THE fiancée of a convicted sex offender yesterday called for a change in the system under which people charged with serious sex offences are tried.
Michelle O’Sullivan, who got engaged to Danny Foley last month, said Ireland was one of the few countries where such accused people were tried by jury.
While conceding that she did not know much about the law, she felt it would be better to have trials by a court made up of three expert judges rather than by a jury of lay people who knew little about the law.
Earlier this week, Danny Foley, 35, of Meen, Listowel, was given a seven-year sentence with the last two suspended at the Circuit Criminal Court, in Tralee, after being found guilty by a jury of sexually assaulting a woman in Listowel, on June 15, 2008.
The jury of 10 men and two women returned a unanimous verdict.
Ms O’Sullivan also said she hoped the case would not dissuade other alleged victims of sexual assault from coming forward.
Also, the woman in the case should not be shunned in the community, she told Radio Kerry.
The Kerry Rape Crisis Centre has said the woman had to read her victim impact statement to a “courtroom filled with hostility towards her”.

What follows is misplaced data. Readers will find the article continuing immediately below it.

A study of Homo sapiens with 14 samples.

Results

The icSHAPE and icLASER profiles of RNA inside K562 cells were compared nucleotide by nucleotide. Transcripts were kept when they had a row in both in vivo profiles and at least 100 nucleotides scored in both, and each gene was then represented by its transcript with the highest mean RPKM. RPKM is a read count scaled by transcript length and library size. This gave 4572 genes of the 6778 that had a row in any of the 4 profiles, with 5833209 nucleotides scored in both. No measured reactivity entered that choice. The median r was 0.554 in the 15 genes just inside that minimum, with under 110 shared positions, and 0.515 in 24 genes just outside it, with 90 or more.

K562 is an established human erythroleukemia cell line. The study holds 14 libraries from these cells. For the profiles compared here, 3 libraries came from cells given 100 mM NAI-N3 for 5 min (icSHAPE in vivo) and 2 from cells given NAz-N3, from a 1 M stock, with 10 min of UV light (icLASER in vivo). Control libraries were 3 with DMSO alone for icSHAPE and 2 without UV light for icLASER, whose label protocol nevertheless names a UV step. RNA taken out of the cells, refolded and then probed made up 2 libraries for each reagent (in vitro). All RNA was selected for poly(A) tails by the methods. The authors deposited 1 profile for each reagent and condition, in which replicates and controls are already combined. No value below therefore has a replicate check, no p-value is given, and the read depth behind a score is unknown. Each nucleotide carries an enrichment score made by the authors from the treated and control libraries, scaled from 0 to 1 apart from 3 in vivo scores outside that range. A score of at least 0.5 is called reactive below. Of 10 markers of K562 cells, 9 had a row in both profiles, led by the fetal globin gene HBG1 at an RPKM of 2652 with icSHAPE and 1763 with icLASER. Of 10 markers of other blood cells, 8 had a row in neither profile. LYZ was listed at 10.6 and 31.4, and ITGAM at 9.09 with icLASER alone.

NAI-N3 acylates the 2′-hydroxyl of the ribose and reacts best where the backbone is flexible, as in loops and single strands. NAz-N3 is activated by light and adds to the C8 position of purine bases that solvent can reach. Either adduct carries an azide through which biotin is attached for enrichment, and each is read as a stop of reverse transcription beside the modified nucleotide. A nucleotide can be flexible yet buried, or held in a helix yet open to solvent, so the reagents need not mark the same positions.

Labour health spokeswoman Jan O’Sullivan hopes to raise the issue in the Dáil. She said the handshaking incident was shameful and indicated there were some people who were still not prepared to treat sexual crimes with the seriousness they merited.
“I am sure that the majority of decent people of Listowel were as repulsed as the rest of the country at this show of support,” Deputy O’Sullivan said.
“We already know that many victims are reluctant to report rapes because going to court can be such an ordeal.
“There is a danger that what happened in the courtroom in Tralee will make victims even more fearful. People who are convicted of serious sexual offences should be shunned and not treated as some sort of victim, or even a hero,” she said.